Arcade Fire Rock The Ryman

Arcade Fire at the Ryman Auditorium, August 9, 2010

Watching the webcast from MSG was one thing, but watching Arcade Fire from the balcony of the famed Ryman Auditorium was something else entirely. It was almost like peering into an Arcade Fire diorama – the eight members standing on the stage like cut-out characters, sending oceans of noise up to the rafters. Uncategorically, everyone was on their feet, and remained so for the entire concert, in order to better receive the gospel.

Unless Metallica has played there and nobody told me, it’s safe to say that nobody’d ever “rocked” the Ryman as hard as the Arcade Fire did last night. The legendary, Grand Old Opry-hosting stage probably needed to be specially reinforced for (guitarist-instrumentalist-tambourine flailer-brother of lead singer) William Butler alone. He’s the band member who jumps the highest, and spazzes out the most while performing, which is saying something. Arcade Fire are nothing if not animated on stage, all pent-up percussion, flailing violin bows, and hurdy gurdy histrionics. Musically, they’re what it would sound like if Bright Eyes and Modest Mouse met in the middle. Visually, they resemble a family, a communal force who can all play each other’s instruments. In fact, that was one of the benefits of being so close to these burgeoning arena rockers; seeing how often they switched it up. Enigmatic frontman Win Butler plays the bass when the mood strikes, and Regine Chassange sings back up vocals from behind the drum kit.

Another thing that was apparent: the band have super fans. The same girl who was standing directly in front of Win during the MSG broadcast, interpretive dancing with her hands and hanging on every word, was in the front at this show as well. And she wasn’t alone. A blonde McLovin lookalike lead a small cadre of ecstatic super fans in hand-clasping joy all night, at times turning around to try to cheerlead the crowd. A little distracting for us balcony folk, but hey, what are you gonna do? You imagine these kids are like, hey, Arcade Fire – we really understand you.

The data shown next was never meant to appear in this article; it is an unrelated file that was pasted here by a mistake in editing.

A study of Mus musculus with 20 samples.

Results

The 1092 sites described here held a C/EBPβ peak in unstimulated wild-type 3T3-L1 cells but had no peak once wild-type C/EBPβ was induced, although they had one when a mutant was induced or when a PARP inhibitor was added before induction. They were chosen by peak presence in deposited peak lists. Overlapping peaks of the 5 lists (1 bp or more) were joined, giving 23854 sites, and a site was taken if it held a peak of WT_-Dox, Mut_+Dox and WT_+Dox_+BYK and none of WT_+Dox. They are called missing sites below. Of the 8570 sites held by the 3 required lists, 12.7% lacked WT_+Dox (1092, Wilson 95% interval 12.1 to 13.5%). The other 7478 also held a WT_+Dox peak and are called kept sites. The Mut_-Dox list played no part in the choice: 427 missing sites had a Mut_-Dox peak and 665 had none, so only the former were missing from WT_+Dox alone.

But it’s easy to get caught up in the enthusiasm, whether you’re a super fan or a novice. I went with a friend who doesn’t own any of their albums. She was thoroughly converted. As for myself, I don’t clap along to songs at rock shows (I’m not a clapper) as a general rule. As Wilco’s Jeff Tweedy has pointed out, you have to do it on beat, and you have to keep it going for the whole song, otherwise it doesn’t work. Yet four songs into their set, I joined the clapfest without thinking. It just felt right.

“We’re in a church,” noted Butler, alluding to the Ryman’s roots, before launching into Neon Bible’s “Intervention.” Later he’d plow through the crowd, mic in hand, to sing The Suburbs’ “We Used To Wait,” which has probably never happened at the Ryman either. They encored with “Sprawl II,” Chassange’s voice resembling a Japanese ghost’s. And they tore the roof off with “Wake Up,” as Nashville screamed back the key, cathartic lyric: “I guess we’ll just have to adjust!” The Arcade Fire had just conquered another venue.